Update: We finished the coop! I spent DAYS painting it. We kept true to the mostly recycled materials. I believe the only things we purchased NEW specifically for the coop are the:
2x4's and 2x6's (framing)
vinyl flooring remnant
2 sheets of plywood
latches (just two of them)
. . .paintbrushes
The wood inside the coop for the roosts are scraps from our home remodel. There are some wood trim pieces, oak flooring, and old growth redwood from an old cupboard we had to tear out. The plexiglass and and metal weather stripping are from our friend. He also made the latches for our doors. It has a little chicken door in the back that will eventually lead to the run.
Day 3: Constructing the coop and caulking in foam thingies that came with the (used) corrugated roofing.
Day 4: Cutting windows, digging trenches for hardware cloth, painting, and attaching hardware cloth.
Day 5: Finishing the Seashell Coop. When I suggested cutting a wood scrap to block the nest boxes, they looked at me like I had two heads. So I didn't put any bedding in them instead. The roosting boards can be moved all around, which is cool. I was hoping to have a certain area where I can catch pooop easier. At this point they don't really roost, and I had lost all design energy by then.
Little Red Egg Door
The chickens have a view of the ocean, which cannot be seen with my camera. This should really be my sun room instead.
The movable roosts. They have options. The board keeping the litter in is removable.
Oops, I can't figure out how to update the title. If someone knows how, please let me know.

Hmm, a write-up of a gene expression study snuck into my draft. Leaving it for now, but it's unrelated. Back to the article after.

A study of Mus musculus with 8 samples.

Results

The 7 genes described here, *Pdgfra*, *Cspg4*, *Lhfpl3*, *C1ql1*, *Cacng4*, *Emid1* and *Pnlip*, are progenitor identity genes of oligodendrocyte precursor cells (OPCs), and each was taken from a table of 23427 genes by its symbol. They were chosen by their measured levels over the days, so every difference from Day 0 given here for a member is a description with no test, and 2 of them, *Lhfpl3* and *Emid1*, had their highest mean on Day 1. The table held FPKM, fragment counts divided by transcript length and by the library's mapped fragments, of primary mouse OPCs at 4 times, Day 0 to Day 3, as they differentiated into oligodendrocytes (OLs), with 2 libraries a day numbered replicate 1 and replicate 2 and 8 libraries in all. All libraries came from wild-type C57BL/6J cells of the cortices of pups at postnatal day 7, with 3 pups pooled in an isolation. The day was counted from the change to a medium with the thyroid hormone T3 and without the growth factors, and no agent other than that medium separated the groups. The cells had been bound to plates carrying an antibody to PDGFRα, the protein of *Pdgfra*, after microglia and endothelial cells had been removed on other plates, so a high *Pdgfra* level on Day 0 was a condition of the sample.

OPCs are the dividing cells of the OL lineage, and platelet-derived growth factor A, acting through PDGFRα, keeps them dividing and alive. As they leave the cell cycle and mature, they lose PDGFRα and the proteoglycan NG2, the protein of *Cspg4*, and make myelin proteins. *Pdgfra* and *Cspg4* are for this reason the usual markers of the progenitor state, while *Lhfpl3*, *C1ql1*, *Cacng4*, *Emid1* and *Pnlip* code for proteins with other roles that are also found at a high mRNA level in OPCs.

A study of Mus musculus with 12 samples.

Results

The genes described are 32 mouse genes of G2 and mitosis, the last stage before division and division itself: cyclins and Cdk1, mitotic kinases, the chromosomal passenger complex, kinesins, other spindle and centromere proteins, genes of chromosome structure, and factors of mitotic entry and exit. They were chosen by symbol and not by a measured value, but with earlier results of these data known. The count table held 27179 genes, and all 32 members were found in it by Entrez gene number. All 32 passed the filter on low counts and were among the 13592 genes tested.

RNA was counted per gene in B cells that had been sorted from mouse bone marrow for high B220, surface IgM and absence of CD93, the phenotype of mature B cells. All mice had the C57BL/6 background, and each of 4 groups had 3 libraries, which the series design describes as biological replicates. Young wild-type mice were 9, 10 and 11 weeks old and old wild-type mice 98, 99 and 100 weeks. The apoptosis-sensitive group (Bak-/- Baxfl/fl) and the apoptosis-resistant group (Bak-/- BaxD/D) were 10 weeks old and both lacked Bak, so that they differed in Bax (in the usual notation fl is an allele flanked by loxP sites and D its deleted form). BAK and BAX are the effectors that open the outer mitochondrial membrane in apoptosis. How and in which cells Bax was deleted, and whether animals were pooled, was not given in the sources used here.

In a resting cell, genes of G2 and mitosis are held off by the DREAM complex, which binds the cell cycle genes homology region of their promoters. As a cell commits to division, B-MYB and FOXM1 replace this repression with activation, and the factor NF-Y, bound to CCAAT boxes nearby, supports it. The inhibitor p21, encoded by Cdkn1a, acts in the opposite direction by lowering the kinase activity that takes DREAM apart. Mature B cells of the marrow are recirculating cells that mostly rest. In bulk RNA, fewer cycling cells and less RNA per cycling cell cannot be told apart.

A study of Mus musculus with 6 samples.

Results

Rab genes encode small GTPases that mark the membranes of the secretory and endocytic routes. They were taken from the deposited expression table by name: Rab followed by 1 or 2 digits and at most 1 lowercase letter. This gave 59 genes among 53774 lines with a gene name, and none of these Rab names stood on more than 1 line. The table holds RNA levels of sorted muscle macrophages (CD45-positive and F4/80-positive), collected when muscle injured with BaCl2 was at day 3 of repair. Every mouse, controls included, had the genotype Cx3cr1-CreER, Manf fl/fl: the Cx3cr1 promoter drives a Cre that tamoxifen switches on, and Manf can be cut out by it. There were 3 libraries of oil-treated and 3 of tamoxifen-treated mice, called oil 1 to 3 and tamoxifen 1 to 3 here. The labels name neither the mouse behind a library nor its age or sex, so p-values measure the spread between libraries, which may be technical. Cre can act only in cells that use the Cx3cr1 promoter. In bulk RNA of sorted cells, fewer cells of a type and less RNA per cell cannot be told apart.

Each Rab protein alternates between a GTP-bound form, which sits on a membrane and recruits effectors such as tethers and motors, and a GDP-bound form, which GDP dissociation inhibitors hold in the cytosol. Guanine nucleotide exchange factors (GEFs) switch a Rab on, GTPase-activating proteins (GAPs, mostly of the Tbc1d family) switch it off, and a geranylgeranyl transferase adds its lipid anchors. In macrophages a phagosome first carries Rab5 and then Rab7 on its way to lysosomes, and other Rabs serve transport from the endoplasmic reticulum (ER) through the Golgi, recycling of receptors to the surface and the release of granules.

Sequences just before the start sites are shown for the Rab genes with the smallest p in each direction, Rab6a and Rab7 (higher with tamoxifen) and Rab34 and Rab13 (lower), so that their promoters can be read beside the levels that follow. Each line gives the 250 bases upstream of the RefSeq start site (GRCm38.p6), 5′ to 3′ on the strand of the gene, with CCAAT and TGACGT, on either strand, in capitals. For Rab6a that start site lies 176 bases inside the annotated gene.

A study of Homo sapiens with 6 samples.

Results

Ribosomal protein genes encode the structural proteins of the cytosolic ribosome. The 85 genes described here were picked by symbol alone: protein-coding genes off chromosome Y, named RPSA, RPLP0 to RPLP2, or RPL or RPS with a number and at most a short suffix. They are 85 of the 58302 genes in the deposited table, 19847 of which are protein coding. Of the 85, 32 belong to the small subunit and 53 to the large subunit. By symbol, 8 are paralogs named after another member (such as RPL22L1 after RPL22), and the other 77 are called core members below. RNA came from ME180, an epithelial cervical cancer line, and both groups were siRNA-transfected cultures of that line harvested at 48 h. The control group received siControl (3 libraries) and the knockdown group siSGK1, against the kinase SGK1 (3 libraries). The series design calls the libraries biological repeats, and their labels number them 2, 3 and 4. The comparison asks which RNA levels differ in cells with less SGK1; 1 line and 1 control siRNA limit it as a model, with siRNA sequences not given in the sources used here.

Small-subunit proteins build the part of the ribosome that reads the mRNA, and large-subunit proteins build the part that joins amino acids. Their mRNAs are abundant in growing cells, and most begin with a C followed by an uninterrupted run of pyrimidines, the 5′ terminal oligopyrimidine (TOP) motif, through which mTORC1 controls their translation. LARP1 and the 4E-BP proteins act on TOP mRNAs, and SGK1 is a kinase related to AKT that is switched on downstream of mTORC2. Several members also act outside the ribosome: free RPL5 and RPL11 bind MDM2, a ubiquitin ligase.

We are in progress for The Sea Shell Coop. It is a coop by the sea with windy, somewhat rainy weather. I originally planned on the coop itself being 4'x4' with 3 nest boxes and a 4'x12' enclosed run. My husband and I traded a truck to our retired carpenter friend for work- trade. So, he is helping us in the construction and with materials.
Once we got together, the plans turned into a 5'x'4 coop with 5 nest boxes and 4' x 12' run. Things kind of evolved, and I lost some urban chicken keeper/ user friendly conveniences. My husband is not chicken minded, so he does not appreciate the "little things". Our friend was raised with chickens in what seems to be a very hands off style. People just dumped old fighting chickens on his family growing up. But, farm animals were not spoiled.
The whole thing has a slanted roof made from industrial grade corrugated plastic with a ridiculous amount of overhang. Thus far, the paint, all but 2 sheets of plywood, and roofing are recycled materials which he found for dirt cheap and/ or free. The hinges and pressure treated wood were store bought. The vinyl flooring was sold as a scrap at a discount carpet store.
Day 1 was framing. Day 2 was building of the nest boxes, coop floor, and attaching the roof. I have spent about 5-6 hours priming everything. I need to do the topcoats before the weekend.
Painting process. The free 5 gallon bucket of primer is pinkish-blue.